Atheists distribute literature at Orange County high schools

Distribution comes after controversial free handout of Bibles in January

By Lisa Bell - Anchor

ORLANDO, Fla. - Students at 11 Orange County high schools on Thursday will be able to pick up free literature from atheist organizations.

The distribution comes after a controversial free handout of Bibles in January.

The 11 high schools where the literature will be passively distributed include: Apopka, Boone, Colonial, Cyprus Creek, Edgewater, Evans, Jones, Timber Creek, University, Wekiva and Winter Park.

Eleven separate brochures and booklets, including some entitled, "What is Wrong with the Ten Commandments?" and "Why Women Need Freedom From Religion," as well as Thomas Paine's "The Age of Reason" will be available.

The materials will be placed on one unmanned table in an area where students normally congregate between classes or during lunch.

Atheist organizations, including the Freedom from Religion Foundation and the Central Florida Freethought Community, asked to passively distribute the materials after the group World Changers of Florida passively distributed Bibles at the same schools in January.

World Changers of Florida sued Collier County for the right to distribute the holy book.

Hoping to avoid a similar costly lawsuit, Orange County school leaders say they're allowing the distributions.

"Every time a Bible is distributed in public schools, that opens the doors for atheists," said David Silverman, President of American Atheists. "Really none of this should be allowed in public schools. Equality is an all or nothing concept so if they're distributing Bibles they have to allow everyone else."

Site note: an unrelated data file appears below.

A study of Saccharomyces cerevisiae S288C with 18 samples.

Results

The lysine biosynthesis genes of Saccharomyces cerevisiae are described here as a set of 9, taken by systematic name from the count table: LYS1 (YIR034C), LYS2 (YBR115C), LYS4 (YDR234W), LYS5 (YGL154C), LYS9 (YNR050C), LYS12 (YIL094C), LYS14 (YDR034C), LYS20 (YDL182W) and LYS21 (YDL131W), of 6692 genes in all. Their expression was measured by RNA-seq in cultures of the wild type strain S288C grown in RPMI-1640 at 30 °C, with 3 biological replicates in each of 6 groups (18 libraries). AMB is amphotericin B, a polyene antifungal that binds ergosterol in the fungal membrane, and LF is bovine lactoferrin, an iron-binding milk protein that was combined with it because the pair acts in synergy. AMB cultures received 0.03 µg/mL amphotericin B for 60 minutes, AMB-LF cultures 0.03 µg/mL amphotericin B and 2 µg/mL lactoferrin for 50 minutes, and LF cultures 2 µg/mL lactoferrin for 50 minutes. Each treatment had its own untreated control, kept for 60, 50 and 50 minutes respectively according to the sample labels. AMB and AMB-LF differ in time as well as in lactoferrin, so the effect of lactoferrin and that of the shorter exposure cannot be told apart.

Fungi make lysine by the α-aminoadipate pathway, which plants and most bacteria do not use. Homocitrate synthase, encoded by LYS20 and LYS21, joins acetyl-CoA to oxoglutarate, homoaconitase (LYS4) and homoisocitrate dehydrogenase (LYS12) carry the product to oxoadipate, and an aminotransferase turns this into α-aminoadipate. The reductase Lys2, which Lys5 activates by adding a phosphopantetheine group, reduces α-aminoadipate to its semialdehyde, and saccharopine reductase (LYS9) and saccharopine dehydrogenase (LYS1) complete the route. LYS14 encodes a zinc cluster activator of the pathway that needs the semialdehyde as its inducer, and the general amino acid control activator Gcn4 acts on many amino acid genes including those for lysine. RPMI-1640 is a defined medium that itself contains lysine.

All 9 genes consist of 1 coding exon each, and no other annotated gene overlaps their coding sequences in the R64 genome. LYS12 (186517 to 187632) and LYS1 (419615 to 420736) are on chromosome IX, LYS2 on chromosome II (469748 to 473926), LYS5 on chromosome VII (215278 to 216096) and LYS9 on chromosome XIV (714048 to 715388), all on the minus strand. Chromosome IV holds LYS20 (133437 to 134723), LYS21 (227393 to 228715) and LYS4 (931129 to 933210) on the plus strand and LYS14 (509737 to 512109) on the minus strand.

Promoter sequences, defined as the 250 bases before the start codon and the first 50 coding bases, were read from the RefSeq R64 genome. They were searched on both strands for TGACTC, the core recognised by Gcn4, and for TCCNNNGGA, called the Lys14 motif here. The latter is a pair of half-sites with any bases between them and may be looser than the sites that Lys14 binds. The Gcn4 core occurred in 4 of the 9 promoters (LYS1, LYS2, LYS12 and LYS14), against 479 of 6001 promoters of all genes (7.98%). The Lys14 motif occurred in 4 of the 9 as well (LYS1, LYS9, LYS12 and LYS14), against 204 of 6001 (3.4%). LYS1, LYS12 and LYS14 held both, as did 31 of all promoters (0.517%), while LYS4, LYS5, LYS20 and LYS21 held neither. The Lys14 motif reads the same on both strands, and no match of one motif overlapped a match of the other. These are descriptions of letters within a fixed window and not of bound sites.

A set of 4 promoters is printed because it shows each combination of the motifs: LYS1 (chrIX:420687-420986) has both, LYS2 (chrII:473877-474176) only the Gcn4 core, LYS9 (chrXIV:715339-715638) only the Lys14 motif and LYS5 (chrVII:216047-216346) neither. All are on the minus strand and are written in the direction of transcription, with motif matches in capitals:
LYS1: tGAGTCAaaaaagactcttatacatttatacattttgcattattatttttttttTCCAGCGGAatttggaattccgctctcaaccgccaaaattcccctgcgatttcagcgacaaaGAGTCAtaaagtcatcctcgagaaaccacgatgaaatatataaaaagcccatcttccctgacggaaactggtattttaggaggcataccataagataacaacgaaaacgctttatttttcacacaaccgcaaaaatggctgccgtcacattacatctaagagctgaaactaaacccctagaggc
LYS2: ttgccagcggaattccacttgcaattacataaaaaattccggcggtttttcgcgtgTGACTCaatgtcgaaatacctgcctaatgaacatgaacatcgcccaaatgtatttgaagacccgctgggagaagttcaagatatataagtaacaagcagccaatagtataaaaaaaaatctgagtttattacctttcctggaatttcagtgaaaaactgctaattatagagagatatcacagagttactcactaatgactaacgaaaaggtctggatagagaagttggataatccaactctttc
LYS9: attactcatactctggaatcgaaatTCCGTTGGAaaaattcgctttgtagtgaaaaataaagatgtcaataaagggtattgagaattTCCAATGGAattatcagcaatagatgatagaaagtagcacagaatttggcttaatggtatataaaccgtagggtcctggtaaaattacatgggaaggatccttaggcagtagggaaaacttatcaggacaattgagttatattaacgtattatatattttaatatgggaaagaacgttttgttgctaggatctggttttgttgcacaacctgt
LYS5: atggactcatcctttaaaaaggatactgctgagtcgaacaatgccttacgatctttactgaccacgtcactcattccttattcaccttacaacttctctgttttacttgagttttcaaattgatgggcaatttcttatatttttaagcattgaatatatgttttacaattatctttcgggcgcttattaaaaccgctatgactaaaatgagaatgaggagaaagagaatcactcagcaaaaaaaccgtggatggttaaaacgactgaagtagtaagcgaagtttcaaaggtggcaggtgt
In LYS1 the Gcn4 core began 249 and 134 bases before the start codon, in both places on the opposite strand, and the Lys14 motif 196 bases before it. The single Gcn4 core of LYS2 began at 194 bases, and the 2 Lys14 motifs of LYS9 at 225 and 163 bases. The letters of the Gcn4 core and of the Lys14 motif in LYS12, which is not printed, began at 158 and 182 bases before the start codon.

However, Orange County may still face some legal action. Silverman said the county rejected some of the Atheists' literature and they are now considering legal action against the district.

"The only thing I can tell you about that because we're considering litigation is that some of our materials were censored," said Williamson.

The school board said it's allowing the materials to avoid lawsuits.

"In an effort to avoid costly litigation in Orange County, and in interpreting the applicable laws and legal decisions, our legal office has advised the Superintendent and the School Board that the distribution of such materials is acceptable but subject to specific guidelines," according to a statement from OCPS.